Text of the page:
Tracking Asthma in Vermont


If you have asthma, work with your health care provider to make a written asthma management plan (also called an Asthma Action Plan).


A cause for asthma has not been specifically identified. Generally speaking, asthma is caused by a complex mix of genetic and environmental factors. These factors can vary for each person who has asthma.

What are some examples of environmental pollutants that can trigger asthma attacks?

Air pollution can trigger attacks and make asthma symptoms worse. Two key air pollutants can affect asthma. One is ozone—found in smog—and the other is particle pollution—found in haze, smoke, and dust. When ozone and particle pollution are in the air, adults and children who have asthma are more likely to have difficulty breathing.

Ozone is often worst on hot summer days, especially in the afternoons and early evenings. Particle pollution can be bad any time of year, even in winter. It can be especially bad when the weather is calm without wind, allowing air pollution to build up. Particle levels can also be high near busy roads, during rush hour, and around factories and when smoke is in the air from wood stoves, fireplaces, forest fires, or burning vegetation.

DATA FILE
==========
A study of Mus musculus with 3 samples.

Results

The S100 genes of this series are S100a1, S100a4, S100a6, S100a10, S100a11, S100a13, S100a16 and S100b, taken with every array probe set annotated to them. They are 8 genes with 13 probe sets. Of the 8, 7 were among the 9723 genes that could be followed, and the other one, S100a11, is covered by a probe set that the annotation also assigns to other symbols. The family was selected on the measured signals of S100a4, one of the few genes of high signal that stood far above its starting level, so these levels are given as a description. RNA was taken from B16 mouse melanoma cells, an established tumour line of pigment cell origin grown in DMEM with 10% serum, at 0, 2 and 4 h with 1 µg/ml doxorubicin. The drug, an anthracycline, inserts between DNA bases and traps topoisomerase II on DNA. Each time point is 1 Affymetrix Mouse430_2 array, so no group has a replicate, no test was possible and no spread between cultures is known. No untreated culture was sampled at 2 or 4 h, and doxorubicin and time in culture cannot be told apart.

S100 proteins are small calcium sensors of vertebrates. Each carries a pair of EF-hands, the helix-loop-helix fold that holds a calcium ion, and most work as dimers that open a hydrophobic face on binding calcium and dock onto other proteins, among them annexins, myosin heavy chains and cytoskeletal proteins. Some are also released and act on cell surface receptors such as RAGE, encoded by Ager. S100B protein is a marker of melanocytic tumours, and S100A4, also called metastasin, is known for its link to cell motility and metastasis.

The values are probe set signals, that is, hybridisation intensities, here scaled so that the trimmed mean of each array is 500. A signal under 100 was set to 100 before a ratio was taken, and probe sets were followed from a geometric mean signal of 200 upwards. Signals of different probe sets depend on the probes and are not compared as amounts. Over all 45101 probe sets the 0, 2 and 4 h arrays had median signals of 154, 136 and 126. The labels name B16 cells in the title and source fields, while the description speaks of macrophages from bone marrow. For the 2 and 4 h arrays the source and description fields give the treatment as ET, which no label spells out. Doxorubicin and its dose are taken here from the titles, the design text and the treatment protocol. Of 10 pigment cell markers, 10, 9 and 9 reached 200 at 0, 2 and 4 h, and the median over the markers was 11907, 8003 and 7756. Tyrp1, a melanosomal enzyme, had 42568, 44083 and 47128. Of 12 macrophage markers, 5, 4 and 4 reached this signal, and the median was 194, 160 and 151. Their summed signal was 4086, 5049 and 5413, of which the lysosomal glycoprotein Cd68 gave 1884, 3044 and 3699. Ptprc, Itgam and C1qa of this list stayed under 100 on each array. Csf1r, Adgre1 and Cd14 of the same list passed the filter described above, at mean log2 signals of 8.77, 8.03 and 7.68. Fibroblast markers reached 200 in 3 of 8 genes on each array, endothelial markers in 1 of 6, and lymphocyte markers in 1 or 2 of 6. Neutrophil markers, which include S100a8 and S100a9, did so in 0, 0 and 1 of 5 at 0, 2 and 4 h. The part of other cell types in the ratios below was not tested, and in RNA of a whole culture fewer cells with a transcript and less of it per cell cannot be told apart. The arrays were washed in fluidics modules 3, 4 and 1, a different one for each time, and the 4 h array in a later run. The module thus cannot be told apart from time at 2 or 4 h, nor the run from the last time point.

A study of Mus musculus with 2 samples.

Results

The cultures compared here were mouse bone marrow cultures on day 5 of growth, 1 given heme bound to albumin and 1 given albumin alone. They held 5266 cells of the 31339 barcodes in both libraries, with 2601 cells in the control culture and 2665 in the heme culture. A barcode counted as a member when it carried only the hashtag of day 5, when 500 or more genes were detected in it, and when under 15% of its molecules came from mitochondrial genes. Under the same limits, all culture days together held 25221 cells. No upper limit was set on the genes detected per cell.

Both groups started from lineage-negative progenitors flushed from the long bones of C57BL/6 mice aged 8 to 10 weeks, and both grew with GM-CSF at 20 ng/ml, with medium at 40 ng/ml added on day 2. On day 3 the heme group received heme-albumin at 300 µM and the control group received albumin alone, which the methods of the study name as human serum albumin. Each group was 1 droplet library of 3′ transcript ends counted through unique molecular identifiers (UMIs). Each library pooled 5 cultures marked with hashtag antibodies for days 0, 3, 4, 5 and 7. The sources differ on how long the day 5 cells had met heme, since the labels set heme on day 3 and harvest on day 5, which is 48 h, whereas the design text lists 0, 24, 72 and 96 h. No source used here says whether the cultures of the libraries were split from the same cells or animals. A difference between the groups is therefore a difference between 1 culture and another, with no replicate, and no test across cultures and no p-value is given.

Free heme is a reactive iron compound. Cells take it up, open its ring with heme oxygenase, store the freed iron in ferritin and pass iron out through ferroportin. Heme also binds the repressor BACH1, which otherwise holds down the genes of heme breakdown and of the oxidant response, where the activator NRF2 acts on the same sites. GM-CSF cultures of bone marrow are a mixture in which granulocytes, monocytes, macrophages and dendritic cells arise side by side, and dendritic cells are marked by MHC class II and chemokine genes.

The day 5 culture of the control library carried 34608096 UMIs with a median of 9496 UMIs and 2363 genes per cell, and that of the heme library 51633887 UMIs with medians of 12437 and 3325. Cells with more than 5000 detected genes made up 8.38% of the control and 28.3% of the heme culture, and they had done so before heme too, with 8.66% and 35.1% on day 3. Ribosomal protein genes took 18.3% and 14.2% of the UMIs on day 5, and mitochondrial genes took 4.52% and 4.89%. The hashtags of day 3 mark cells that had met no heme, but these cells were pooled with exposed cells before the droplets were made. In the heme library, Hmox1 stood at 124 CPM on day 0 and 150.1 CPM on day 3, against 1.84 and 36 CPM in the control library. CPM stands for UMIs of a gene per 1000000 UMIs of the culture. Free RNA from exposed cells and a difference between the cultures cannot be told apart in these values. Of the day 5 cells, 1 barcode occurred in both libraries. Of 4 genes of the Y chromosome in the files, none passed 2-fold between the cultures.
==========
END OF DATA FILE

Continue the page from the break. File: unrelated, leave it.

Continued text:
How is asthma impacted by climate change in Vermont?

A lengthening growing season and increased plant growth due to higher levels of carbon dioxide in the air will likely increase allergenic pollen in the air we breathe. This could have widespread respiratory impacts to Vermonters, especially those with asthma.

More frequent heavy precipitation events and other severe weather events—such as high winds, flooding, and winter storms—can cause water damage to buildings, increasing problems with household mold. And, as outdoor humidity rises with climate change, indoor humidity and the potential for condensation and dampness will likely rise. Climate-induced rises in indoor dampness can increase health problems related to dampness and mold, such as worsening asthma.

What asthma data are included in the Vermont Tracking portal?

Vermont Tracking provides annual data about hospitalizations for asthma starting in 2000, and emergency department visits for asthma starting in 2003.

Hospitalizations are inpatient admissions of Vermont residents to hospitals in Vermont, New Hampshire, New York, and Massachusetts. Emergency department visits are emergency room visits to Vermont, New Hampshire, New York, and Massachusetts hospitals by Vermont residents.

For both hospitalizations and emergency department visits, asthma data are available by number of cases, crude rate per 10,000 people, age-adjusted rate per 10,000 people, and gender.

Vermont residents of all ages are included in the asthma data. The crude rate data for inpatient hospitalizations also offer age-categories.

The total number of inpatient admissions for certain of these age categories is small. When numbers of cases are fewer than six, Vermont Tracking does not show exact counts. With fewer than six cases, it is almost impossible to tell random changes from true changes in the data. Reporting small numbers is also avoided to maintain confidentiality of individuals.